Purchase cataloguePainted with Words is a compelling look at Vincent van Gogh's correspondence to his young colleague Émile Bernard between 1887 and 1889. Van Gogh's words and sketches reveal his thoughts about art and life and communicate his groundbreaking work in Arles to his fellow painter.
Van Gogh's letters to Bernard reveal the tenor of their relationship. Van Gogh assumed the role of an older, wiser brother, offering praise or criticism of Bernard's paintings, drawings, and poems. At the same time the letters chronicle van Gogh's own struggles, as he reached his artistic maturity in isolation in Arles and St. Rémy. Throughout the letters are no less than twelve sketches by van Gogh meant to provide Bernard with an idea of his work in progress, including studies related to the paintings The Langlois Bridge, Houses at Saintes-Maries-de-la-Mer, Boats on the beach at Saintes-Maries, The Sower, and View of Arles at Sunset.
The translations used in this presentation are from the catalogue for the exhibition: Vincent van Gogh
Painted with Words, The Letters to Émile Bernard and are reproduced by kind permission of the Van Gogh Museum, Amsterdam.
Major support for Painted with Words: Vincent van Gogh's Letters to Émile Bernard and its accompanying catalogue was provided by the International Music and Art Foundation. Generous support was also provided by the Robert Lehman Foundation and the National Endowment for the Arts.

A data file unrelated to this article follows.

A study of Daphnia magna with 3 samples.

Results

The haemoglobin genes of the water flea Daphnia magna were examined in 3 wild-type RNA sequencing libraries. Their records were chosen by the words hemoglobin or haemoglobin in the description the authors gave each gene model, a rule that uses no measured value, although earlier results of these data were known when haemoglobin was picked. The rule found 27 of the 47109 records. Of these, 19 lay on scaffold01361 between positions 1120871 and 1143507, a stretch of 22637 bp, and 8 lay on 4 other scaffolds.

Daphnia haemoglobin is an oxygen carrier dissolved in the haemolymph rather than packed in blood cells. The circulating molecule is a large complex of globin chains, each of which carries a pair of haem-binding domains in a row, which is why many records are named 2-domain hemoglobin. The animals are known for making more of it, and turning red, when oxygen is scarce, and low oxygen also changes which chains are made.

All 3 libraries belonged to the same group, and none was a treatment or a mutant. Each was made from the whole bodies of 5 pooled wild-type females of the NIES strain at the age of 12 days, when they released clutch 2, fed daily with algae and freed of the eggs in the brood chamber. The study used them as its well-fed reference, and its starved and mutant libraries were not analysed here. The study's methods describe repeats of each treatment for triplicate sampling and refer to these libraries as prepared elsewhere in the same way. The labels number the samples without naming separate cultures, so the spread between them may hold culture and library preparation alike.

Vincent van Gogh, letter to Émile Bernard, Arles, 15 July 1888, Letter 10, page 1
My dear old Bernard.
Perhaps you will be disposed to forgive me for not having replied to your letter straightaway, seeing
that I'm attaching a small batch of sketches to this one.
In the sketch The Garden, there is perhaps something like "the shaggy carpets of flowers and
woven greenery" of Crivelli or Virelli, doesn't much matter. Ah, well—in any case I wanted to reply
to your quotations with my pen, but not by writing words. Today, too, I don't have much of a head for
discussion; I'm up to my ears in work.
Have made large pen drawings—2—an immense flat expanse of country—seen in bird's-eye view
from the top of a hill—vineyards, reaped fields of wheat, all of it multiplied endlessly, streaming away
like the surface of a sea toward the horizon bounded by the hillocks of La Crau.
It does NOT look Japanese, and it's actually the most Japanese thing that I've done.